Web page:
Drama At The Dockers, Leith Dockers Club, Review
Company: Citadel Arts Group
Production: Beyond The Ash Lagoon: Susan Chaney (writer), Liz Hare (director). Nan and Rita and The Holy Grail: Carolyn Lincoln (writer), Adam Tomkins (director). Field of Opportunity: Jim Brown (writer), Liz Hare (director). All: Stewart Emm (sound design), Allan Rhynas (lighting). Flier by Eric Robinson.
Performers: Beyond The Ash Lagoon: Audrey Jenkinson (Cat), Rachel Amey (Millie), Suzanne Dance (various), Adam Tomkins (various). Nan and Rita and The Holy Grail: Lynne Maccallum Hall (Nan), Estrid Barton (Rita). Field of Opportunity: Stephanie Falls (Bella), Megan Gamber (Jess), Ian Smith (Danny), Kirsty Strain (Mary & Holly Berry).
Running time: 60mins
Citadel Arts Group brings a triple-bill entitled Drama At The Dockers, performing for the ninth consecutive year at the lively, community-focused Leith Festival.
Artistic Director Liz Hare has been leading the Workers’ Educational Association Playwrights Workshops, supporting members to share their stories and memories, unlock their creativity and develop their creative writing skills. Emerging out of their latest programme are three very different scripts, performed as rehearsed readings over three days at the Leith Dockers Club.
Edinburgh International Fringe Festival at the Dockers Club Leith
Remembering the Fifties
Dancing With Mrs
played during the 2018 Edinburgh Festival Fringe in the Dockers Club, Leith, received a four star review from Lisa Sibbald
"Dancing with Mrs Murphy is part of Citadel Arts Group’s “remembering the 1950s” project, and was written by one of their members, Vincent Maguire.
Rose, the “Mrs Murphy” of the title, escaped from a life of poverty and disgrace in Ireland to come to live in Leith before the Second World War, and now, in 1956, she is on the brink of seeing her greatest dream fulfilled…or is she?
The play explores the relationships between mothers and sons at a time of great social change. Both Rose Murphy and her employer, Mrs MacCarthy, who have come from very different backgrounds, have great ambitions for their sons, but in the course of one day in the MacCarthy household the lives of both families are altered drastically and many illusions are shattered.
Laverne Edmonds (Rose Murphy), Debbie Cannon (Mrs MacCarthy) and Sean Fitzpatrick (Dan MacCarthy) all give extremely good performances in this dark drama, and the script is excellent, with many well-observed lines".
The first performance is Beyond The Ash Lagoon, written by Susan Chaney and directed by Liz Hare. Themes of grief and loss, and the layering of changes over time that impact on the landscape and the people within it, are explored through the relationship of two sisters. Now in their fifties, the two meet in a remote cottage in Cornwall in a place filled with memories of their childhood. One sister is trying to come to terms with the sudden death of her husband, but both find they have overwritten memories of the past with false narratives that need to be reconciled.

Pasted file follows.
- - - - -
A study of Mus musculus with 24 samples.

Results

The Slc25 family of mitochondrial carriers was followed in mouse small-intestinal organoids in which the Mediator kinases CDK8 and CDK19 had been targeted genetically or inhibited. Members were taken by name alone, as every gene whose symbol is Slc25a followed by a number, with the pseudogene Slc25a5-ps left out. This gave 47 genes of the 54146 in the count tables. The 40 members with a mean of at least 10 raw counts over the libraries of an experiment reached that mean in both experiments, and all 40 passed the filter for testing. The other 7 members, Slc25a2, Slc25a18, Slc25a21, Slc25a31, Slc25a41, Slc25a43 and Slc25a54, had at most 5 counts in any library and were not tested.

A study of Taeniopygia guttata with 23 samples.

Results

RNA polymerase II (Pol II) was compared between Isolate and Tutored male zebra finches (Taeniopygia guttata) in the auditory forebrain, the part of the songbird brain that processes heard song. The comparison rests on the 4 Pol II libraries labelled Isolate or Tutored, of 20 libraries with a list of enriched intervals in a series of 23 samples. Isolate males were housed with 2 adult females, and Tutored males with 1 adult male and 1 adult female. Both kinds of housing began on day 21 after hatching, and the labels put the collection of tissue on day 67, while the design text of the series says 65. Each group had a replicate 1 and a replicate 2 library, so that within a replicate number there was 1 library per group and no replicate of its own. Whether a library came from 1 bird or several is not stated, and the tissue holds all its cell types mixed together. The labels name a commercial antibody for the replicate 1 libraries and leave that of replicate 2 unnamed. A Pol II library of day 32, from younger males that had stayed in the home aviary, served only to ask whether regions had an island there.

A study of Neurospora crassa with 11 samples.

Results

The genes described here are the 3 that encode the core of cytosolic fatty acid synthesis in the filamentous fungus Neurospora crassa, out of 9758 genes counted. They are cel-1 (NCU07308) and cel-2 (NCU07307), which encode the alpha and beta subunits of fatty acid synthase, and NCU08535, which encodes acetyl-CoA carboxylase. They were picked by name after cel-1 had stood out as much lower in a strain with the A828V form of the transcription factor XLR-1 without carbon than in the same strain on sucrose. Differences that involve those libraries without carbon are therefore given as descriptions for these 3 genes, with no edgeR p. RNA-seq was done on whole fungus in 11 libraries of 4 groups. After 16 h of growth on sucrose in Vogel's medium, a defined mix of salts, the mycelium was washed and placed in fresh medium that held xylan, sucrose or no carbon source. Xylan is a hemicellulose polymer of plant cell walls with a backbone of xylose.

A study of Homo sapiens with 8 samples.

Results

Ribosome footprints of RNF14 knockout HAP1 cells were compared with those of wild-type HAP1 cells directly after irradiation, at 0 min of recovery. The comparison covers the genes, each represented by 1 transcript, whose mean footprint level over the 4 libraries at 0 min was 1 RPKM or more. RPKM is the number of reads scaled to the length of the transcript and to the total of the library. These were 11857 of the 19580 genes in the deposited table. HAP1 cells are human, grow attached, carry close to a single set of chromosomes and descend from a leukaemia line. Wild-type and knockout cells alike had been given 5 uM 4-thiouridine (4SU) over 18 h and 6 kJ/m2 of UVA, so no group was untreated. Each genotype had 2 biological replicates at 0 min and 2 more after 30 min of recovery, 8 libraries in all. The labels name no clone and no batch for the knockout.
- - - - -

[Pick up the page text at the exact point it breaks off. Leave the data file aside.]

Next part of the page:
Time shifts back and forth as the dialogue in the present is interspersed with flash-backs from the past. Others characters drift in and out, taking up the narration of past events, connecting and locking them firmly within the sense of this particular place that, like the two sisters, has undergone change and loss: the now-ruined tin mine, the all-but disappeared fishing industry.
The narrative parts of the writing, with descriptions of the trees, gorse and bracken, the sounds of the sky and the sea, is vivid and lyrical and beautifully evoked by both Suzanne Dance and Adam Tomkins in their various roles. The dialogue between the two sisters is slick and punchy, played with humour and pathos by Audrey Jenkinson and Rachel Amy. This is a play with many layers, leaving the themes lingering in the air long after the actors have left the stage.
The second performance, Nan and Rita and The Holy Grail, written by Carolyn Lincoln and directed Adam Tomkins, is a total contrast. A two-hander between Lynne Maccallum Hall (known to many from Still Game off the telly!) as Nan, and Estrid Barton as Rita, this is bawdy fun and frolics from start to finish. Opening in a supermarket café and finishing down the community centre, the two potty-mouthed OAPs gossip about their neighbours – one of them found the Holy Grail on the bus on the way back from Straiton, cue hilarious anecdote – and discuss cakes, love and lust. The two women match each other for laughs and nonsense all the way, in a riotous hour of pure entertainment that ends with them pulling blokes up on stage for a bit of a dance and passing round the nibbles, the music blaring, the party atmosphere complete.
Finally there is Field of Opportunity, written by Jim Brown and again directed by Liz Hare. When teenage Jess escapes from London to see Auntie Bella, she gets more than she bargained for when she finds it’s tattie-picking season. For Jess and the other women it’s dirty, back-breaking work, but the days are also full of camaraderie and teasing banter, the evenings spent sharing whisky and memories.
This is a strong cast, once again refreshingly dominated by female voices, with Kirsty Strain in particular showing great versatility as she switches between the seemingly strait-laced, moved-up-in-the-world Ms Berry and the raucous old crone Mary. The dialogue zips along and the occasional rousing tattie-song keeps the spirits aloft. The ending, however, felt like we’d left the story part-way through – perhaps there is more of this story to come?
The Leith Dockers Club, as always, is the perfect venue for these play shorts. The audience is almost wholly local, genuinely engaged and warmly enthusiastic about seeing live theatre smack in the heart of their own communities.